This is a guest post by Daniel

Sari Nusseibeh, professor of philosophy and president of Al-Quds University, presents a novel way forward in the ongoing dispute between the Israelis and the Palestinians in the online Dissent Up Front.

His case commences as follows:

THERE MAY still be one last chance for a two-state settlement of the Israeli-Palestinian conflict. This will require an immediate but radically different approach to the international community’s efforts in peacemaking. Rather than try to engage the two sides in renewed negotiations, President Obama, acting on behalf of the Quartet, should make an offer to both sides which neither side can refuse. He should present a summary of a pre-drawn blueprint of a settlement to the leadership on both sides, and rather than asking them to enter into a new marathon of negotiations over it, or even to accept or reject it, he should simply request that they put it before their respective publics for a vote: the Israeli side through a referendum, and the Palestinian side through an electoral process.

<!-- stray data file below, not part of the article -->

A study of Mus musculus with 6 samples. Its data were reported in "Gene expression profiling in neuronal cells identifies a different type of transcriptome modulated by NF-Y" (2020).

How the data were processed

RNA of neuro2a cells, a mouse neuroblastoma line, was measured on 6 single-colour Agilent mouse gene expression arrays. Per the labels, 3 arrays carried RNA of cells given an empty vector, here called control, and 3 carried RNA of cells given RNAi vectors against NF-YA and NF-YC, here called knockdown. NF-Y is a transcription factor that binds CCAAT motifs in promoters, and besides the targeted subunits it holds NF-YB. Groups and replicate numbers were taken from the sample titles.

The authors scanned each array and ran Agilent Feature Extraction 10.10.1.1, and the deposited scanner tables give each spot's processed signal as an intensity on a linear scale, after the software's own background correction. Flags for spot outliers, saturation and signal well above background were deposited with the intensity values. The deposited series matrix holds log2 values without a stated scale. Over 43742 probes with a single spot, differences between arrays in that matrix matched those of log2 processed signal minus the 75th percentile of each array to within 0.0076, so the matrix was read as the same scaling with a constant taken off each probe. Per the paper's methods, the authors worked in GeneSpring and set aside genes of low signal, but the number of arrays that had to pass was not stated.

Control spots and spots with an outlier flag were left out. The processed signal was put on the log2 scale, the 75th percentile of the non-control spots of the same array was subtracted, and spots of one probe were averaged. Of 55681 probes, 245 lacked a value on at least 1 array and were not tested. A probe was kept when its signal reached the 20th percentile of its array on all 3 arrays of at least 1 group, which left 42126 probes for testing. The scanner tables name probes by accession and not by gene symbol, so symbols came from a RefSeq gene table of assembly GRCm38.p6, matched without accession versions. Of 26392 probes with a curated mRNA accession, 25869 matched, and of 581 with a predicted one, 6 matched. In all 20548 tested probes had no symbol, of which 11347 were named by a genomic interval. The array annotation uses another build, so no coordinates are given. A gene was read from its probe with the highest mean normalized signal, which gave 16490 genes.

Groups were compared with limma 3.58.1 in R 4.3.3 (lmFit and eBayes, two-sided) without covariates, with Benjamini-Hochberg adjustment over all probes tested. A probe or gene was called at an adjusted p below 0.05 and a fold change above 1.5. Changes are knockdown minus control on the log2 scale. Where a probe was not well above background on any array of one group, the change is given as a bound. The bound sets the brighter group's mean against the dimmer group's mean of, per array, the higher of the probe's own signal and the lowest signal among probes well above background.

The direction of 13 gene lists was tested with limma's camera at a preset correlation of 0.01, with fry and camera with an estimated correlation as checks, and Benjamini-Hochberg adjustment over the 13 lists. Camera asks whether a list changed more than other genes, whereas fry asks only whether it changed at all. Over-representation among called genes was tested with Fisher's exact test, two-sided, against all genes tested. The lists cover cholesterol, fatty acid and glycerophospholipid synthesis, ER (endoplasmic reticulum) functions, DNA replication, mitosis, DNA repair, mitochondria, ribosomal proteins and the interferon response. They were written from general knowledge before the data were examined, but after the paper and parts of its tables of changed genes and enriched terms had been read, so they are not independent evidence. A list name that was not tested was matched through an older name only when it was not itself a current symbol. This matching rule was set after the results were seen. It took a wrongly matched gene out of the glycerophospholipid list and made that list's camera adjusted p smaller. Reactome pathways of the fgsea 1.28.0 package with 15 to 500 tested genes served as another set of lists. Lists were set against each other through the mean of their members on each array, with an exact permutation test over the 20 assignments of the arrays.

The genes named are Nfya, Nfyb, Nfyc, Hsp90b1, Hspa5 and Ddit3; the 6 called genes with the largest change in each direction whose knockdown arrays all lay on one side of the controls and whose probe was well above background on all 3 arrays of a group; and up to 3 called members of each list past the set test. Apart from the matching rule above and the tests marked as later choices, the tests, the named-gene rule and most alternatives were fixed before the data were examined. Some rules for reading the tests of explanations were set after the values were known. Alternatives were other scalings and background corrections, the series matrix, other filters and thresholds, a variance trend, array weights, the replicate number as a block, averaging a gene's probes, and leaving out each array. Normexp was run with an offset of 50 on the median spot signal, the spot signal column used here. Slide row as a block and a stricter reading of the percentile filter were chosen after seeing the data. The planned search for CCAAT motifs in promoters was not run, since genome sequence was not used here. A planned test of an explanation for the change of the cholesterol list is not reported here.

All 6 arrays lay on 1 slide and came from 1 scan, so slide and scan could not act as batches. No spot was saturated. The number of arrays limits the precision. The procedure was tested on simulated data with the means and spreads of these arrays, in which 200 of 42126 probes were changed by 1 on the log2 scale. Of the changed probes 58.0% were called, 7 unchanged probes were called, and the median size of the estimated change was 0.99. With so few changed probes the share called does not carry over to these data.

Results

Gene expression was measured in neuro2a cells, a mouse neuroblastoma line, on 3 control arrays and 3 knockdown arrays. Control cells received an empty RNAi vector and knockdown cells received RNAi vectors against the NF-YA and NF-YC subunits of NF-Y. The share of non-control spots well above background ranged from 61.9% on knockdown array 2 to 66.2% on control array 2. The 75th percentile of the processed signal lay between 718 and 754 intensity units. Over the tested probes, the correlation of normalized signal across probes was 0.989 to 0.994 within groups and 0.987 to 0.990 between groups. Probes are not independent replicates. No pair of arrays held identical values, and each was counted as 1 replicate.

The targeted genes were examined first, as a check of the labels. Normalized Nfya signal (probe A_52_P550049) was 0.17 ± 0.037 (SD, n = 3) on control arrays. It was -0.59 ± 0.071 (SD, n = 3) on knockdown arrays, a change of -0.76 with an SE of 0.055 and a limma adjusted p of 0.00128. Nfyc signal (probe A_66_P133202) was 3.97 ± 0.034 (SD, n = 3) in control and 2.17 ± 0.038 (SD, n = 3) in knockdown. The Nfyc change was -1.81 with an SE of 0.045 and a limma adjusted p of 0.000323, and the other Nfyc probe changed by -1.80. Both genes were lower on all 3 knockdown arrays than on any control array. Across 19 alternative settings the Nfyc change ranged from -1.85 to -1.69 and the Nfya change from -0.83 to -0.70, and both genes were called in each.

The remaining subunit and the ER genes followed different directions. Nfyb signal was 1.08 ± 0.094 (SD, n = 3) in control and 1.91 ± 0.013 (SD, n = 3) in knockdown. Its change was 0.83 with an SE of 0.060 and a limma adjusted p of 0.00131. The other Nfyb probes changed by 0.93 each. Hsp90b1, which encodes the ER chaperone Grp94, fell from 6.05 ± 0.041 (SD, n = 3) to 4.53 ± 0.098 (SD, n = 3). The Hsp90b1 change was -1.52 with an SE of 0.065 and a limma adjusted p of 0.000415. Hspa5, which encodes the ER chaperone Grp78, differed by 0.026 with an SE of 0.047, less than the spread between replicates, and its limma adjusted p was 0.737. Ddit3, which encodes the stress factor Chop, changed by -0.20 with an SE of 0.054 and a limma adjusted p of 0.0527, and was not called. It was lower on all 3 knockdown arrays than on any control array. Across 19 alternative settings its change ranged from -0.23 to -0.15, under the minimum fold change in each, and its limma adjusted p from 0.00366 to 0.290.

Professor Nusseibeh’s article should be read in full as to me it seems eminently sensible. It may be a fanciful idea but I see little wrong with it. I doubt that President Obama would present a plan that ignores the substantial concern of the Israelis, their security. I also doubt that Obama would suggest a solution to the Palestinians that the population would simply never accept, since if so,what would be the point of the exercise?

After the Camp David debacle, an exasperated Ambassador Dennis Ross said ( New York Review of Books, September 20, 2001) in relation to Yassir Arafat, “I simply do not believe he is capable of doing a permanent status deal.” I have no doubt that he was correct in this assessment.

There will always be those Zionists who object to anything that may request the Israeli government do what it does not want to do and there are of course those Palestinians who have vowed never to accept the idea of a Jewish state in the region, but I hope that they are in a minority.

An ongoing theme in Harry’s Place has been the support for democracy. What better expression of democracy can there be, in this context, than a referendum?